DuPont Chair and CEO Ellen Kullman said common food security metrics are key to increasing global food security. “We’ve always known that what gets measured, gets done,” said Kullman. In an effort to increase global food security, DuPont commissioned the Global Food Security Index that was launched recently by the Economist Intelligence Unit (EIU).
“As we talked to governments, NGOs and farmer organizations around the world, we’ve come to realize that while we share a common goal of food security, we do not share a common language. To truly address the root cause of hunger, we must have a common path forward to tackle such pressing issues as food affordability, availability, nutritional quality and safety,” said Kullman. “Literally billions are being invested to address food security, but until today, we had no comprehensive, global way to measure food security and the impact of investments and collaborations at the local level.”
The Global Food Security Index addresses the underlying factors of food insecurity in 105 countries and points to areas for improvement and reforms.
“Saudi Arabia was one of the 105 countries that measured food security factors and is ranked 28th securing 68.7% on the overall Global Security Food Index and 27th among the high income classification. Even though these numbers are fairly positive, the growing population poses immense challenges and we will continue to collaborate with local partners and address core food issues across the Gulf Cooperation Council,” said Eser Acarkan, Food Industry Leader Turkey, Middle East and Africa.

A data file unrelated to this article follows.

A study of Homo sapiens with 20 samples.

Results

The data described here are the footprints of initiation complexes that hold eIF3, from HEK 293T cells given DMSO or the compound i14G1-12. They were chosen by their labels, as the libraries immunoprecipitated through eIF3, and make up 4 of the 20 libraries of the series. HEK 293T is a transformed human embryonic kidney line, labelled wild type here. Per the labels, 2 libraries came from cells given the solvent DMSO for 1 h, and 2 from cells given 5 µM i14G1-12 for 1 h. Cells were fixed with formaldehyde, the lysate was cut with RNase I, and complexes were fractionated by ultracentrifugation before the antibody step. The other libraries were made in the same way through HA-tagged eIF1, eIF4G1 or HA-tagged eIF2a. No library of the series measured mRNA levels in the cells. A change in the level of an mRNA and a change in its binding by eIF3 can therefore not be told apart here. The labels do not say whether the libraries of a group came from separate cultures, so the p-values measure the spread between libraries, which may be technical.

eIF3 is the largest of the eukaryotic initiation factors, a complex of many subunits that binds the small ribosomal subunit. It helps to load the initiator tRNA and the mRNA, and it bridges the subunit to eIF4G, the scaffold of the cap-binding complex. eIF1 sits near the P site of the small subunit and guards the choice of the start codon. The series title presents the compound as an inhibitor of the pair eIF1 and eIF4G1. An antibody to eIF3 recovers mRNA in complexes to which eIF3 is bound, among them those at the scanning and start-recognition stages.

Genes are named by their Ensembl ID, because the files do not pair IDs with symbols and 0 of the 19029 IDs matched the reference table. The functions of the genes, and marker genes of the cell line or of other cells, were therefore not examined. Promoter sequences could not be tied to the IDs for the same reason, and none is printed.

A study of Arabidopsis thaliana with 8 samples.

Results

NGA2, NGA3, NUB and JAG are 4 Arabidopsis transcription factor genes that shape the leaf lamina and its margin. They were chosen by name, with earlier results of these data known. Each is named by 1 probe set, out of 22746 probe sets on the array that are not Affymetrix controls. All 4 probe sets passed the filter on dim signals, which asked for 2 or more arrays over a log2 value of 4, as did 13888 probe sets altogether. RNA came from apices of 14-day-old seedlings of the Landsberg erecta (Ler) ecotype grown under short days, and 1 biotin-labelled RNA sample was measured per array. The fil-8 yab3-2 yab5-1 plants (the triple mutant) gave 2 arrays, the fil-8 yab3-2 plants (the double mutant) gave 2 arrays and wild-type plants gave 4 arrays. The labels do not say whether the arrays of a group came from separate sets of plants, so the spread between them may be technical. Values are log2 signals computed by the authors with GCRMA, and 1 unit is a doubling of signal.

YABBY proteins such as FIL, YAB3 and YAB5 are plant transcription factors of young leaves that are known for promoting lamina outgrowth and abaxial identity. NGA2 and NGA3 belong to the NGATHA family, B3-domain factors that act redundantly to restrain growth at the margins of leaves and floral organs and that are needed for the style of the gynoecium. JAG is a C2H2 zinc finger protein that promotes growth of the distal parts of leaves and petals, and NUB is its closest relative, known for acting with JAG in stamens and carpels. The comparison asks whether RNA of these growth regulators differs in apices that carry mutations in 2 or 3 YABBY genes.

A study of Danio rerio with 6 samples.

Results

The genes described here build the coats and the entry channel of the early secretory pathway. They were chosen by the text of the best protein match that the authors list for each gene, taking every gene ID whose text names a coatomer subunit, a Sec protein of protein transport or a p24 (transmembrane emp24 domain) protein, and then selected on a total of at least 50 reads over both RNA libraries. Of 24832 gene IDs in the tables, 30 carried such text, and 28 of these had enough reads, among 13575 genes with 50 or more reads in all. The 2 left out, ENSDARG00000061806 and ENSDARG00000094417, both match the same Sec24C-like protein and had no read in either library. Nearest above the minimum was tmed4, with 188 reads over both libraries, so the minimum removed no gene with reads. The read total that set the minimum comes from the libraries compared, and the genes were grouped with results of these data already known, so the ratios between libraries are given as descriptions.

Global food security is a top concern of many governments as illustrated by the recent G8 and G20 summits. The New Alliance for Food Security and Nutrition, announced at the Camp David G8 Summit in May, highlights the shared commitment among G8 and African leaders, private business and non-governmental organizations to achieve global food security. However, the need remained for a tool that drives precision and accountability of these efforts which led to the collaboration between DuPont and the EIU.
“My hope is the Global Food Security Index will be used to promote collaboration, make better informed decisions and stimulate action necessary to feed our growing population,” Kullman said. “To ensure that efforts are laser-focused to deliver real solutions, we needed a tool to inform decision making and facilitate a common language.”
The EIU created the Index with input from leading international experts who provided dimension to the complexity of food security and informed the design and development of the Index itself.
“The Global Food Security Index measures levels of food security by answering a central question: how can consumers in each country easily access sufficient amounts of safe, high-quality and affordable food?” said Leo Abruzzese, Economist Intelligence Unit Global Forecasting Director. “Because of our extensive modeling approach, we believe this comprehensive tool will help leaders move from rhetoric to results.”